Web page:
1. “The Long Day Closes” (Criterion)
The film: Terence Davies is one of the world’s greatest living filmmakers, but the unavailability of his best features in the United States has kept the quintessentially British director from wider exposure. Criterion rectifies that with a release of “The Long Day Closes,” the capper of Davies’ early run of semi-autobiographical films. Not as pervasively harrowing as “Distant Voices, Still Lives,” “The Long Day Closes” nonetheless shows off the director’s patented balance of traumatic recollection and glimmers of nostalgic warmth clung to as if driftwood. Plenty of films have positioned the cinema as a means of survival and self-actualization, but rarely does it seem so blessed a relief as it does when Bud finds solace in it.
The disc: A 2K restoration of Michael Coulter’s shimmering, reminiscing cinematography would be reason enough to purchase this, but Criterion adds a commentary with Davies and Coulter, an archival episode of a British television program featuring interviews and footage, as well as new interviews conducted with production designer Christopher Hobbs and executive producer Colin McCabe.
2. “The Lady from Shanghai” (Turner Classic Movies)
The film: TCM’s sporadic Blu-Ray production scores a coup for putting one of Orson Welles’ most beguiling pictures, “The Lady from Shanghai” in hi-def. A noir so warped and bizarre that its climax in a room of distorting funhouse mirrors is the only logical conclusion, “The Lady from Shanghai” shows Welles fully giving in to his penchant for legerdemain, with fake-outs and oblong approaches that puzzle even as the sheer mastery of his form sucks the viewer deeper and deeper into its mire.
The disc: A commentary track by Peter Bogdanovich is the most substantive extra, with the rest of the disc comprising various galleries of production material.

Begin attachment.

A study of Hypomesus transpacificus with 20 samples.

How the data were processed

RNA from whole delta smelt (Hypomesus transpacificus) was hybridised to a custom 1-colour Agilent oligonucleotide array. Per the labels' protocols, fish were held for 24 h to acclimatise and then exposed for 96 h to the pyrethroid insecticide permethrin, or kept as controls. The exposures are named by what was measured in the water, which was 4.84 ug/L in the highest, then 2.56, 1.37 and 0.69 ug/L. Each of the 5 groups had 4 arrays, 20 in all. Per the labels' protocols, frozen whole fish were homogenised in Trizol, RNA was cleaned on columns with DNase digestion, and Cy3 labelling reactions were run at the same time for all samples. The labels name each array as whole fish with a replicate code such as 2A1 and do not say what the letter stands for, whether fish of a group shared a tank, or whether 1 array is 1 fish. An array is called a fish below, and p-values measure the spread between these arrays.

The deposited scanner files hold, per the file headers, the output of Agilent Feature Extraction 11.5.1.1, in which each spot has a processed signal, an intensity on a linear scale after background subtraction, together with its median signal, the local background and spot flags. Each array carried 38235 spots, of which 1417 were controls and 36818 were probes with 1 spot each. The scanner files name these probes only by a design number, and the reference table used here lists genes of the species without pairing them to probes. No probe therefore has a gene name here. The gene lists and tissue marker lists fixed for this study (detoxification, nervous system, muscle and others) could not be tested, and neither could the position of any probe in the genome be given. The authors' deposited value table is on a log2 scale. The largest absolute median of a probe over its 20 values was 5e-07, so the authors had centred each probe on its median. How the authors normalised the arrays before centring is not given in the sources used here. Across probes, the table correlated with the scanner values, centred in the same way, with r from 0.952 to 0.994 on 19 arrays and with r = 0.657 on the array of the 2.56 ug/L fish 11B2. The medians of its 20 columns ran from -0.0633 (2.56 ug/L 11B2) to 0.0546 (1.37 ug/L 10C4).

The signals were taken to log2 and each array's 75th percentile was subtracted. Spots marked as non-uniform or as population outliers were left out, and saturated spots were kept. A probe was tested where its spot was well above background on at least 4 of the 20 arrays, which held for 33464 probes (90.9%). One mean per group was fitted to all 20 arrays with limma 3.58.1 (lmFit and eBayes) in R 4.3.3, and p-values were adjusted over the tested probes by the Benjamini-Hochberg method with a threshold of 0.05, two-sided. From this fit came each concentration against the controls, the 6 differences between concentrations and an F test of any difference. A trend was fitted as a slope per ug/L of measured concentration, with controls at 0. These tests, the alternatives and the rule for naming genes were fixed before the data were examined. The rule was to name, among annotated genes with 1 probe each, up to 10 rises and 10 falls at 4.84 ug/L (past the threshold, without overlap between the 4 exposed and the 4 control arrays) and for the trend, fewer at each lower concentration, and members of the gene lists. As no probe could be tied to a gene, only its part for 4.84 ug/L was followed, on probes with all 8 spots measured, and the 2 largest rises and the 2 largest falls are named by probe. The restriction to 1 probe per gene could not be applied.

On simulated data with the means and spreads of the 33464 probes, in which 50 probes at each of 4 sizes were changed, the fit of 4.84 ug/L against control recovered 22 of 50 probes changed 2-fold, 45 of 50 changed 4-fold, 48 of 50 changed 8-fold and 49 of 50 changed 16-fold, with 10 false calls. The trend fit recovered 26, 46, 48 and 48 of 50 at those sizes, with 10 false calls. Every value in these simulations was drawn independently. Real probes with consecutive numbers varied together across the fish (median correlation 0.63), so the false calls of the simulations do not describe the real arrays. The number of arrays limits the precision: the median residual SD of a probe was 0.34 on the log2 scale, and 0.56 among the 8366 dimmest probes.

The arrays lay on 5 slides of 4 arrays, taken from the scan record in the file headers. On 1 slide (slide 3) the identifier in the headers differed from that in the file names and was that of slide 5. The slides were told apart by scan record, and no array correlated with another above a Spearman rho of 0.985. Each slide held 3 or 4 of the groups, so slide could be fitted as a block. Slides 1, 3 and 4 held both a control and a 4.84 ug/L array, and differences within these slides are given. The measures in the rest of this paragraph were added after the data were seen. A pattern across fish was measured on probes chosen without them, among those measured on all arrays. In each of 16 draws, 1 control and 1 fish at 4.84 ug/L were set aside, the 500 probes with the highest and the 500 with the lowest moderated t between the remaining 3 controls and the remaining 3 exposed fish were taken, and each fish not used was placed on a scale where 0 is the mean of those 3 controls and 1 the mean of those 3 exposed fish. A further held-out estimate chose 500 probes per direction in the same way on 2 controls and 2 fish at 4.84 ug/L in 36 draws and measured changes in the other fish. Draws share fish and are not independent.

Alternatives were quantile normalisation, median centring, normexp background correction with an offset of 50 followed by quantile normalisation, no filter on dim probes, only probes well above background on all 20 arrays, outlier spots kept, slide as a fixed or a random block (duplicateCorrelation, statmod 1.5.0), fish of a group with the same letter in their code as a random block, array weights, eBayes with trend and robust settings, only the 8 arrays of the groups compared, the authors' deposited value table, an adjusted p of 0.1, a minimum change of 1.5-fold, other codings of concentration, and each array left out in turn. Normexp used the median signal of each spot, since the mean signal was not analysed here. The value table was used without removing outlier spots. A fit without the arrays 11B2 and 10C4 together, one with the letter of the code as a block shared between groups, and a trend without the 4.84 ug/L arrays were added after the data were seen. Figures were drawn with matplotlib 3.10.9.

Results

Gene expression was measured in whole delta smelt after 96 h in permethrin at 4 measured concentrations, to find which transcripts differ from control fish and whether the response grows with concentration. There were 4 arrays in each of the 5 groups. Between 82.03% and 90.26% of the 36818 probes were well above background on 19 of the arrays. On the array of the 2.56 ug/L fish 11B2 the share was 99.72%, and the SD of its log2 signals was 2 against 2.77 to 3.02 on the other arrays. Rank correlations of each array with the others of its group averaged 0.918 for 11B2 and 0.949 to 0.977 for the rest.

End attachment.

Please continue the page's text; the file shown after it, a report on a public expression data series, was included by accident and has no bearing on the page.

3. “Treme: The Complete Series” (HBO)
The film: “Treme” has been subjected to all the scrutiny and impossible expectations inevitable to the series that had to follow “The Wire,” but by the time the series came to an end in late December, the goodwill it had earned from critics, fans and New Orleans locals firmly established it as its own distinct work of art. Those of us who remain uninitiated to the show may find the prospect of shelling out for the complete series a bit too daunting, yet that may be the best way to approach it, given David Simon’s predilection for writing TV as a whole, not as a week-by-week series of ups and downs.
The disc: Repackaging the previous individual seasons, the Complete Series box set contains all of their extras and adds to it an exclusive bonus disc of musical performances. Those who have collected the seasons on home video to date can content themselves with simply picking up the final season, released concurrently with the set.
4. “Jackass Presents: Bad Grandpa” (Paramount)
The film: Modifying the “Jackass” formula of painful, inane antics with a sheen of “Borat”-esque candid camera footage, “Bad Grandpa” has no right being as good as it is. For where “Borat’s” selective, manipulative editing cast people’s baffled interactions with Sacha Baron Cohen’s fake as displays of Yank ignorance and repulsiveness, “Bad Grandpa” proves unexpectedly warm-hearted, showcasing its bystanders’ innocence (and, in the case of an unexpectedly rousing climax in a biker bar, their selflessness). One must also marvel at the fearlessness of young actor Jackson Nicoll, who commits to the pranks more thoroughly than the made-up Johnny Knoxville and barrels right through even the most unbearably awkward scenarios. Some of the film’s most entertaining moments come when Knoxville breaks in uncontainable admiration of the boy.
The disc: The Blu-Ray comes with a longer cut of the film filled with more antics, along with deleted scenes and behind-the scenes material.
5. “Metallica: Through the Never” (Picturehouse Entertainment)
The film: Despite its defiantly asinine title and its dubious, “The Song Remains the Same”-esque filler story, “Metallica: Through the Never” is one of the best concert films in ages, capturing better than any previous attempt the contradictory precision and shambling rawness of a Metallica show. As the camera creeps along with a perpetually slinking Rob Trujillo and takes bird’s eye views of the animated stage, it also peeps roadies setting up the Spinal Tap-like stage props. Combined with the impressionistic narrative formed by the energy of the band’s pummeling riffs, “Through the Never” is not only the best document of Metallica’s live act, but one of the best films to depict, with no talking heads or behind-the-scenes documentation, what goes into putting on a show.
The disc: Blu-Ray and Blu-Ray 3D editions come with a making-of documentary, music videos, interviews and Q&As from screenings at the Mill Valley Festival and at the band’s own Orion Festival.